Saturday, November 23, 2013
Big Shots and Little Stars
We were honored to participate in a terrific event on Tuesday. Flashes of Hope held their annual “Big Shots and Little Stars” show with support of the Cleveland Cavaliers and Lake Erie Monsters at the Quicken Loan Arena. The theme was James Bond and there were over 1400 people at the event which benefited Flashes of Hope and the Children’s Tumor Foundation.
Allison Clarke, who founded both Flashes of Hope and Kick It, feels passionately about pediatric cancer. Her son Quinn, was diagnosed with rhabdomyosarcoma at age 2. Like Brent, Quinn has had a tough road. He also, incidentally, is missing half of his pelvis.
Allison, who learned of our troubles through mutual friends, reached out to us early in Brent’s diagnosis, relating in a very personal way to what our journey was like. She took plenty of time on the phone to provide a sympathetic ear to me when I had few around me who could really appreciate the challenges that we have faced. Later, she contacted doctors that she knew, as we looked for better surgical options for Brent. I will always be grateful for her efforts and for her kindness.
The circumstances that might cause some people live in anger have served as Allison’s motivation. She has turned something truly horrible into something that will make a difference for others. When Quinn was recovering from pelvic surgery over 10 years ago, his roommate, a two year old, succumbed to his disease. Quinn, then only four years old, expressed how sad he was to lose his friend and regretted that there were no photos of him.
That moment, that singular comment from her son, was a seed of inspiration planted in her mind. Allison went on to form the non-profit Flashes of Hope. The mission of this charity is twofold: To photograph every child with cancer until every child is cured. Professional photographers, hairstylists and makeup artists volunteer their time and talent, going to hospitals, cancer clinics and oncology camps. Children, many in the midst of treatment, are offered the opportunity to have beautiful photos taken with siblings, or parents or even sometimes, a beloved doctor or nurse.
This is an amazingly beautiful gift. While a photo with your child, particularly during the uncertainly of treatment is meaningful, harrowed parents are not likely to have the time, the energy, or the thought, to go to a photographer during their “off time.” In the hospital, particularly, it is a blessing to have these kind people come and capture moments of tenderness, of joy, of love.
I learned at Tuesday’s event that the beautiful black and white photos have been processed and printed at White House Custom Colour in Minneapolis. CEO Mike Hanline refused the request to discount the cost of the photos, insisting instead upon donating every proof and enlargement. As Flashes of Hope has grown, now photographing 7,000 children per year, this gentleman donates over 150,000 beautiful prints annually. Stunning.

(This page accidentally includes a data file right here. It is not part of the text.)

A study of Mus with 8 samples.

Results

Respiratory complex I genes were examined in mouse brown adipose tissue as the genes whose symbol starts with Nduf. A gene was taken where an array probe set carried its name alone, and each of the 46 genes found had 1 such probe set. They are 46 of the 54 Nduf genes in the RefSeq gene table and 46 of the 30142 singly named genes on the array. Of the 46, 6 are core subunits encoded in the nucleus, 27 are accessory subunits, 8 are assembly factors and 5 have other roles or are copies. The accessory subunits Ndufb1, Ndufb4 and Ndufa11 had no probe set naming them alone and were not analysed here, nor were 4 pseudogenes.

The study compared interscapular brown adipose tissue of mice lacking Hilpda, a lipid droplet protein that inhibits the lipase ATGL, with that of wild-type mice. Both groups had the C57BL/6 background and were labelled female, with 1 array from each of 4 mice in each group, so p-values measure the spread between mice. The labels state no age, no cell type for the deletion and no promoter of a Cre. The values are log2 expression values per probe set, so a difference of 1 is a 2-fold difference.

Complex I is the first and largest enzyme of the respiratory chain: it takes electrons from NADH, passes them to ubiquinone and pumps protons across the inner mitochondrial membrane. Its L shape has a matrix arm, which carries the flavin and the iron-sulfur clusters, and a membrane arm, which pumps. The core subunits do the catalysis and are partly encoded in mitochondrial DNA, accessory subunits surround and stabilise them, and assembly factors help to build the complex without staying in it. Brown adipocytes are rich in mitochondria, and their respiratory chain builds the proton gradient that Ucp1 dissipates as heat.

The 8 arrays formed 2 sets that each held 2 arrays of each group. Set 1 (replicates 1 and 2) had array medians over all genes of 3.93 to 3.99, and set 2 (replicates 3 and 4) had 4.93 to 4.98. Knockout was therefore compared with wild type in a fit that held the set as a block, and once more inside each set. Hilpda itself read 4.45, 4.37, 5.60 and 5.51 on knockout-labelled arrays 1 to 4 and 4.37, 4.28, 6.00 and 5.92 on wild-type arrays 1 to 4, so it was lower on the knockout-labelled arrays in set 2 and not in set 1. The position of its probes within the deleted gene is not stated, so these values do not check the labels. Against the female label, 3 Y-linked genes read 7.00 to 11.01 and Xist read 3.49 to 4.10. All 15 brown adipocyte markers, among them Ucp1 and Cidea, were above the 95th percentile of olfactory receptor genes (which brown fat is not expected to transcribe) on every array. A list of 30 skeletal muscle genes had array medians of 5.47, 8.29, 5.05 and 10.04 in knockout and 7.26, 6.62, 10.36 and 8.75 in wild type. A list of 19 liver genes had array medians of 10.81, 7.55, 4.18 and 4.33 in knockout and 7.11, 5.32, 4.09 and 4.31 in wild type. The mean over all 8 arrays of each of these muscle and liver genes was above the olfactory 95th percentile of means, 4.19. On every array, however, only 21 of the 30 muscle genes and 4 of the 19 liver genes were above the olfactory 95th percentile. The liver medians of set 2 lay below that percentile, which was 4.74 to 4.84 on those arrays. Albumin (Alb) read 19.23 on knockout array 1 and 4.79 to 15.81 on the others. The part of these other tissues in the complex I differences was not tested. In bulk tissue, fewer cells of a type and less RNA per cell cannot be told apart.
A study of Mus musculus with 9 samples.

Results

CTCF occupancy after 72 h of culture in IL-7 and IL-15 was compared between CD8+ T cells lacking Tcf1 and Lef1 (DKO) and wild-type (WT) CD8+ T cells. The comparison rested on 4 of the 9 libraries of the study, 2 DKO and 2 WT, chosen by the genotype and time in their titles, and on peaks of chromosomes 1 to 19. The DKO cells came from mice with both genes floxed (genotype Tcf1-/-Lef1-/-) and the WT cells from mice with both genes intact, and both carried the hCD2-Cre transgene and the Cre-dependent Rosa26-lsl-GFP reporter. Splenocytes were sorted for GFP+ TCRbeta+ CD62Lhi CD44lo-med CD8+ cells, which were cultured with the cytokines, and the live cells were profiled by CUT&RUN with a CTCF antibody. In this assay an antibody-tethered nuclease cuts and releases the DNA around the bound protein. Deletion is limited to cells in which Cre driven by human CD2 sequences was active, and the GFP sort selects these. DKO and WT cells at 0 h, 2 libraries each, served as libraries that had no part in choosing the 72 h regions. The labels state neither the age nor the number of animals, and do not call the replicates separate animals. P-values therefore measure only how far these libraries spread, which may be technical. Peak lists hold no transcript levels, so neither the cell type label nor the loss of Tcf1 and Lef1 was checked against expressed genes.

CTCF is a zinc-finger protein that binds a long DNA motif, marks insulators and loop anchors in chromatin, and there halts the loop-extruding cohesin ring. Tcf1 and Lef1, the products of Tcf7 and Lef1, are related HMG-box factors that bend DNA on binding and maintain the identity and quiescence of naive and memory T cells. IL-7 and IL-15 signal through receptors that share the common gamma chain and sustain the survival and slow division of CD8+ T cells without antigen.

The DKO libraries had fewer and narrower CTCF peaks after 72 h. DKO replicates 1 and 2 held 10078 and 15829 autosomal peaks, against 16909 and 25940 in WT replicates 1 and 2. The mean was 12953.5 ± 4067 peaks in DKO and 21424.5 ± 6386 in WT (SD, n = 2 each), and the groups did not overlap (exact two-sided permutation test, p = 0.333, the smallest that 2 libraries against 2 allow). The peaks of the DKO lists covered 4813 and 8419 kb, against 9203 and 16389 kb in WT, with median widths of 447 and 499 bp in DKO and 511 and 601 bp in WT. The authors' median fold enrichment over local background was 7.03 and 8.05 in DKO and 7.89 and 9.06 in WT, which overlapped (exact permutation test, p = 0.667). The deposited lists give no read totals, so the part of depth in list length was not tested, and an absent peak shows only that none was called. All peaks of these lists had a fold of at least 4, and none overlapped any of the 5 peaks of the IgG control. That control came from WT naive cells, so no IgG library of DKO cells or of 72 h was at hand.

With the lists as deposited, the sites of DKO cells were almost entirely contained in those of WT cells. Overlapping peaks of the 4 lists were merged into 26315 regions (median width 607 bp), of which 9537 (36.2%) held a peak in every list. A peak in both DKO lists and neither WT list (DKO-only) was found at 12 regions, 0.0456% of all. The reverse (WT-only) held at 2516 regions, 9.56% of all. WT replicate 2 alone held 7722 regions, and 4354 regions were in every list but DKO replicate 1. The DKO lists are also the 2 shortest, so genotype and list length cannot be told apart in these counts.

I am brought to tears thinking about the gift that these folks bring to families in the midst of great struggle. The photos can serve as a reminder of how difficult the journey has been and can be a celebration of what a child has overcome. Or sadly, they might be the last photos that a family has of their child, capturing a moment filled with dignity and love, in the midst of battle.
This first part of Flashes of Hope’s mission, which is active in over 55 cities, taps into the time and talent of many generous people to positively impact families in a direct way. This is a worthy cause, all on its own. But the second part of the mission is to support pediatric cancer research.
Tuesday’s event took my breath away. Through the support of Dan Gilbert, owner of the Cavs, and over 1,400 Clevelanders, $950,000 was raised for pediatric cancer research. I was really struck by something that I read in the program:
“We had no business getting a meeting with Dan Gilbert in 2009. With just three paid staff members, we held the “Big Shots and Little Stars” runway event in a mall. We asked Dan if the Cavs players could participate in the show, which we hoped could be held at the arena. To our amazement, he said yes. He helped take the event to the next level and the level after that!”
Lauren, Dan Gilbert, Alex and Brent
I am astonished at the generosity of strangers and the ability that some like Allison have, to harness that generosity in order to accomplish great things. I am inspired by how boldly she asked, and how enthusiastic the support has been, both of particular individuals, as well as the community at large. The advances in understanding and eventually conquering pediatric cancer cannot come too soon. With this kind of support, research can move forward faster. I am so grateful for it all.
Part of why I have been talking about this organization is because Allison called me while we were in NYC over the summer and asked if we would be willing to share our story at the event. We agreed, happy to help this organization in any way that we could. They interviewed us a couple of months ago and put together a video which they showed at the event:
It was an honor to be associated with an organization whose goals are so worthy, and who partners with the Children’s Oncology Group, Alex’s Lemonade Stand, The Children’s Tumor Foundation, Jeff Gordon Children’s Foundation, and Bear Necessities Pediatric Cancer Foundation. It was a wonderful evening for our family. Should you be interested in donating time, talent, or money to Flashes of Hope, I have included the link to their website below.